Francine Francis, a Mi’kmaq visual artist from Metepenagiag First Nation, has always been an artist. As a child growing up, she often used her drawing and colouring skills to share how she saw her environment. Today, she continues to express herself through mixed media where she utilizes various mediums and incorporates natural materials like porcupine quills, hide, feathers, shells and beadwork. Some of her work has evolved into creating a 3-dimensional effect with acrylic paint to make it resemble porcupine quillwork.
“My art is a part of who I am,” said Fran. “It keeps me sane and keeps me grounded. Art making keeps you tied to your people and our roots go deep. Through our art, our language and our culture, our voice, the voices of our ancestors, communicate to the mainstream contemporary society that we are still here, and we are a distinct culture. That is what art means to me.”
That distinct Mi’kmaq culture is reflected in Fran’s contemporary paintings. She is inspired by Mi’kmaq Rock drawings (petroglyphs), hieroglyphs, and traditional porcupine quilled birch bark baskets. Much of her work revolves around animals, nature and the environment and she uses vivid colours to create a sense of place and time in her pieces.
Fran started her formal education by taking a Commercial Design program at Holland College in Charlottetown, Prince Edward Island. There, her instructors encouraged her to apply to a Fine Arts program, so she applied to the Saskatchewan Indian Federated College now known as First Nations University of Canada in Regina, Saskatchewan.
“I applied to this particular program because I wanted to learn more about our rich and diverse Aboriginal/Indigenous cultural histories and Art making practices,” said Fran. “I learned how to carve in yellow cedar and soapstone, to tan a moose hide, to do porcupine quill applique on hide, moose-hair tufting, beading, and to do feather-work. I also learned art fundamentals which included drawing, pottery/ceramics, sculpture, printmaking, and painting and finished off my B.A. Degree in Aboriginal Fine Arts.”
Fran has been involved in the arts most of her life, from being a sessional lecturer, doing workshops, serving on the artsNB board, being an arts juror, and sitting on various arts committees. Just recently, Fran was involved in a group exhibition called “The Path We Share” with artists Alan Syliboy, Charles Doucette and Courtney M. Leonard. The “Path We Share” Exhibition at the Art Gallery of Nova Scotia in Halifax is currently on display from Feb. 5 – April 24, and then moves to the Art Gallery of Nova Scotia in Yarmouth.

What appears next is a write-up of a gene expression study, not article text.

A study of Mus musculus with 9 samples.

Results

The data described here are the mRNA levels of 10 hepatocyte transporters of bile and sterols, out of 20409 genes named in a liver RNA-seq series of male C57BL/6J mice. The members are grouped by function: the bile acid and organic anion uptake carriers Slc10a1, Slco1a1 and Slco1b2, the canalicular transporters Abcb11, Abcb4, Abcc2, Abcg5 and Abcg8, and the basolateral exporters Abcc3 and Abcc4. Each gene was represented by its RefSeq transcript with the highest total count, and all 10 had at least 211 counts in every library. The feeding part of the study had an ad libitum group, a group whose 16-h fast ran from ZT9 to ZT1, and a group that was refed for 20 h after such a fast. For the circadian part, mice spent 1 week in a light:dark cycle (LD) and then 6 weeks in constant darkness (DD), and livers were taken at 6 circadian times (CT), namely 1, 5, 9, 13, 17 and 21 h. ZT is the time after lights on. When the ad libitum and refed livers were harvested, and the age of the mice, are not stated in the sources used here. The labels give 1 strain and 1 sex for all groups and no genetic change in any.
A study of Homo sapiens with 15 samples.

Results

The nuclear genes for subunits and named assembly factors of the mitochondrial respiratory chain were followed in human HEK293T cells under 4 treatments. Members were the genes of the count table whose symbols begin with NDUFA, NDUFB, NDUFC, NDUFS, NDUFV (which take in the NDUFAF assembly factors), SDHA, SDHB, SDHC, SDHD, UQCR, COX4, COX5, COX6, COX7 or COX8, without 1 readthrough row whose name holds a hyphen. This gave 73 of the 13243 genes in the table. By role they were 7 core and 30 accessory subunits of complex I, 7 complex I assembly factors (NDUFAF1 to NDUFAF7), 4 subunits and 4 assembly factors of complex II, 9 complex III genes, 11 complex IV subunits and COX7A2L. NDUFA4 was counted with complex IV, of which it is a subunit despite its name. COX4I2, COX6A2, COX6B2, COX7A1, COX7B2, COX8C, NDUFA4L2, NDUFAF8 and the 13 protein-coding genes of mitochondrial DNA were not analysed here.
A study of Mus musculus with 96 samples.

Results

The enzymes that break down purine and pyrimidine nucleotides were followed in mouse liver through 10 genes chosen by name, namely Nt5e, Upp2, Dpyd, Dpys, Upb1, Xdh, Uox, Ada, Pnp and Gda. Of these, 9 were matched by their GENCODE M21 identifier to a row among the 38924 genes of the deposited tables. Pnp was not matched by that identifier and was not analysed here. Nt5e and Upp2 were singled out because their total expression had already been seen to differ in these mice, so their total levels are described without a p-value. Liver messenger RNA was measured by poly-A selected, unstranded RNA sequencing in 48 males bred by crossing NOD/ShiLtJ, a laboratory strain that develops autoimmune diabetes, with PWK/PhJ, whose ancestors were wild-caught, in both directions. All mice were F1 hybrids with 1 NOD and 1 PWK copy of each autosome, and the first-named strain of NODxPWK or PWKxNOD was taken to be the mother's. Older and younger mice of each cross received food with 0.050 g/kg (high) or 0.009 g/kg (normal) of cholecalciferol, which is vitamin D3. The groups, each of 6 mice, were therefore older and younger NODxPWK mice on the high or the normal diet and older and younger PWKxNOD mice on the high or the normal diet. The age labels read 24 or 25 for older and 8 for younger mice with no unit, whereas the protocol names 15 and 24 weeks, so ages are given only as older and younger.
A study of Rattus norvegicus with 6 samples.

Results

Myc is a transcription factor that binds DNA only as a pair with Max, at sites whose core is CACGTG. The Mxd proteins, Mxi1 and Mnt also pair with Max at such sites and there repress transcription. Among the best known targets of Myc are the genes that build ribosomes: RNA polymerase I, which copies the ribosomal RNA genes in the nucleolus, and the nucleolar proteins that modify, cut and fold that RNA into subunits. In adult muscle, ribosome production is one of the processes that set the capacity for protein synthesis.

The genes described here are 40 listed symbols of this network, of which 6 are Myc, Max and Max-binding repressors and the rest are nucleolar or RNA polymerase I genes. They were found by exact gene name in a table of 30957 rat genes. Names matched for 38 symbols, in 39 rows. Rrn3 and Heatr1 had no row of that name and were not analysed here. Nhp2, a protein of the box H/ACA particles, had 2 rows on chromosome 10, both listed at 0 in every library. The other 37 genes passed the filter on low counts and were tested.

She does all of this in addition to caring for her parents full-time. Fran wakes early in the mornings and paints for a couple of hours, does homecare for her parents during the day and then spends her evenings painting again. Like many artists, she relates to the struggles of managing two jobs.
“Money and time are always challenges for any artist,” said Fran. “I primarily work on commissions and I get most of my work from word of mouth within First Nations’ communities. It is important to me to have my work hanging in First Nations’ institutions and in First Nations’ homes. I regularly donate paintings to various fundraisers to accomplish this.”
Fran’s upcoming plans involve illustrating a children’s book, working to complete 5 more paintings in an artist residency at the Metepenagiag Heritage Park this coming summer, and she has agreed to participate in another group exhibition in Moncton in the Spring of 2017.
“Art makes everything beautiful,” said Fran. “It doesn’t matter if its hanging on someone’s living room wall, or business office or in an institution… it lends to that particular space some character and soul.”